There are many forms of contractualization in different industries.
By RONALYN V. OLEA and JANESS ANN J. ELLAO
MANILA — Marvin Balasabas, 33, has been working for Asahi Glass for three years already but he is not considered a regular worker. He is hired as “an additional manning,” which means that he only reports to work when needed. He receives the minimum pay.
“At times, I only get to work twice or thrice a week,” he told Bulatlat.com, adding that his present working condition is a double whammy: having a meager salary and having it reduced further because he could not work every day.
Still, he tries to make do with his low salary to provide for his family – his wife and two children, with ages seven and five. A day before Labor Day, his wife Risa left to work as a domestic helper in Singapore. “She was forced to because we could no longer stretch my salary to cover for our needs,” he said.
For nearly 15 years, Balasabas had worked for many companies as a contractual worker. He first worked as a gasoline boy and then he worked in different factories, from making chocolates to producing carton boxes. Balasabas is just one among the millions of workers without security of tenure.
Nichard Quetoras, 27, worked as a checker for Pambato Cargo Forwarders Company for just nine months. Although he applied for the job at the company, Quetoras was hired as a contractual worker by an agency.
He had landed a new job in another cargo company. Still, he is a contractual worker. After five months, he would have to look for another job.
“I do not know if I would be a contractual worker until I die,” he retorted.
Different forms of contractualization
There are many forms of contractualization in different industries. Foremost is through agency-hiring.
Roque Isidro, vice president of Pambato Cargo Forwarders Union, said the management began hiring contractual workers through agencies in 2010.
Isidro said there are at least three agencies that provide manpower to the company.
“When a worker’s five-month contract lapses, he signs a new contract with the other agency. After that, he will again be hired by the third agency. It’s the same set workers working for three consecutive five-month contracts under different agencies,” Isidro said.
Isidro said when the union checked the status of the agencies, only one is accredited by the Department of Labor and Employment. The other two, he said, are “colorum” or operating without license.
Isidro said the company also hires workers who are considered “confidential employees.” They are hired as team leaders, lead coordinators, field coordinators, booking officers, positions that, according to Isidro, used to be regular positions.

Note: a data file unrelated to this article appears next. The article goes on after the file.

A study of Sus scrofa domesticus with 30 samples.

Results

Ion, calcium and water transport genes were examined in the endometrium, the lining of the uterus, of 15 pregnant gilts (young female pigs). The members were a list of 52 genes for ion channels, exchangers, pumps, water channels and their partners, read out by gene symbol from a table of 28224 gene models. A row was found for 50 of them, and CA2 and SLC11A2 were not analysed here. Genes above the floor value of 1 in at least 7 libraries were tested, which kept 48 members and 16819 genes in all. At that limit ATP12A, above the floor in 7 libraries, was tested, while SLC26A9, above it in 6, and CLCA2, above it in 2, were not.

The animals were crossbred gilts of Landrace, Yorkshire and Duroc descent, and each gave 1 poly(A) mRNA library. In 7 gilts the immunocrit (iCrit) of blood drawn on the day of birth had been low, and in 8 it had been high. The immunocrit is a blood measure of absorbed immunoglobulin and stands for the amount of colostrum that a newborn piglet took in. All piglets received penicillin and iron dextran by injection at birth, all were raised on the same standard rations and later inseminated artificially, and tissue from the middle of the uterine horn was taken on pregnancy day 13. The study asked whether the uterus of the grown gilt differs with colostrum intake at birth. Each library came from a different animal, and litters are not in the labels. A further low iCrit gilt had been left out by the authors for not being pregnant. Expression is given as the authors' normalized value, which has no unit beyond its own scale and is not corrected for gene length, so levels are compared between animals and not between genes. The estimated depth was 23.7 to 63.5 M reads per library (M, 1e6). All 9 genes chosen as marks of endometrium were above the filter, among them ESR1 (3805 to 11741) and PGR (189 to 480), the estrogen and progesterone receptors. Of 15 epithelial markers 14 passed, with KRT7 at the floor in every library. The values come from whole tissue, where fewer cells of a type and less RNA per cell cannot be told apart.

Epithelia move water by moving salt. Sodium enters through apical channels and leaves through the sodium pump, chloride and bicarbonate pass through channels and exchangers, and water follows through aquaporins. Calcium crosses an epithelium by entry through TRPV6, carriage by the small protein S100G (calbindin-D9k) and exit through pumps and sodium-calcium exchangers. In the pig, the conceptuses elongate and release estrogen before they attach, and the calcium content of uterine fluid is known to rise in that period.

“They are made to sign a contract which states that they are waiving their right to benefits for a period of five years,” Isidro said.
There are also workers who are “seasonal,” or those who are on call by the management. In the hotel and restaurant industry, the so-called seasonal workers are also “in.”
Arnold Castro, president of the Manila Mandarin Employees Union, said at least 100 workers of the company are seasonal. Most of them serve as waiters and waitresses in the hotel. There are also those who are hired for five months in the housekeeping department.
Castro said the company also exploits on-the-job student-trainees to maximize profits. All-year round, Castro said, the company accepts more than a hundred trainees who do not receive any pay. “They even pay for their food,” the union leader said.
Castro said in other big hotels, such as Shangri-La Hotel and New World, all workers are contractuals.
The same trend is happening in the banking industry, with the approval of the Bangko Sentral ng Pilipinas (BSP).
Resty Figueroa, former president and now assistant secretary of the Planters Development Bank Employees Union, said the BSP memorandum circular 268 provides license to banks to outsource essential and vital positions.
Together with unions of other big banks, Figueroa said they formed the Banking and Financial Union Against BSP 268 (BFU vs 268) to campaign for the junking of the said policy.
Contractual workers receive low pay, usually the minimum wage and limited benefits, if any.
Weakening the unions
Leaders of unions from various industries deem that contractualization weakens their unions. “Contractualization is a direct attack against us, workers,” Figueroa said.
Figueroa, Castro and Isidro all complained of a decrease in union membership. “If our co-workers resign or retire from work, they are replaced by contractual employees,” Figueroa said.
“We are threatened,” Castro said. “If this continues, what will happen to the next generation of workers? They would have no union if all of them are contractual workers.”
Isidro said their union is questioning the practice of contractualization because it is a scheme to attack their union. “Supposedly, workers who have worked for more than six months should be eligible to become union members,” Isidro said. “Because the management cannot abolish the union, it resorted to a scheme to decrease its members.”
“We should fight contractualization,” Castro said.
“Contractual workers have no bargaining power,” he said. “They are denied of their rights to benefits.”
Meanwhile, Figueroa said under the Aquino administration, the situation of workers has become worse. “Thousands of employees in the banking industry have been retrenched in recent years,” he said.
“Workers must have security of tenure, Isidro said.
These are the exact sentiments of contractual workers Balasabas and Quetoras.
Balasabas said he attended the Labor Day rally because he wanted to learn more about the workers’ struggle in the country. “I understood it better because I am also experiencing it first hand,” he said.
For his part, Quetoras said he only wants a permanent job. “When I grow old, who else would hire me?” he asked.
Both called on the Aquino administration to junk contractualization.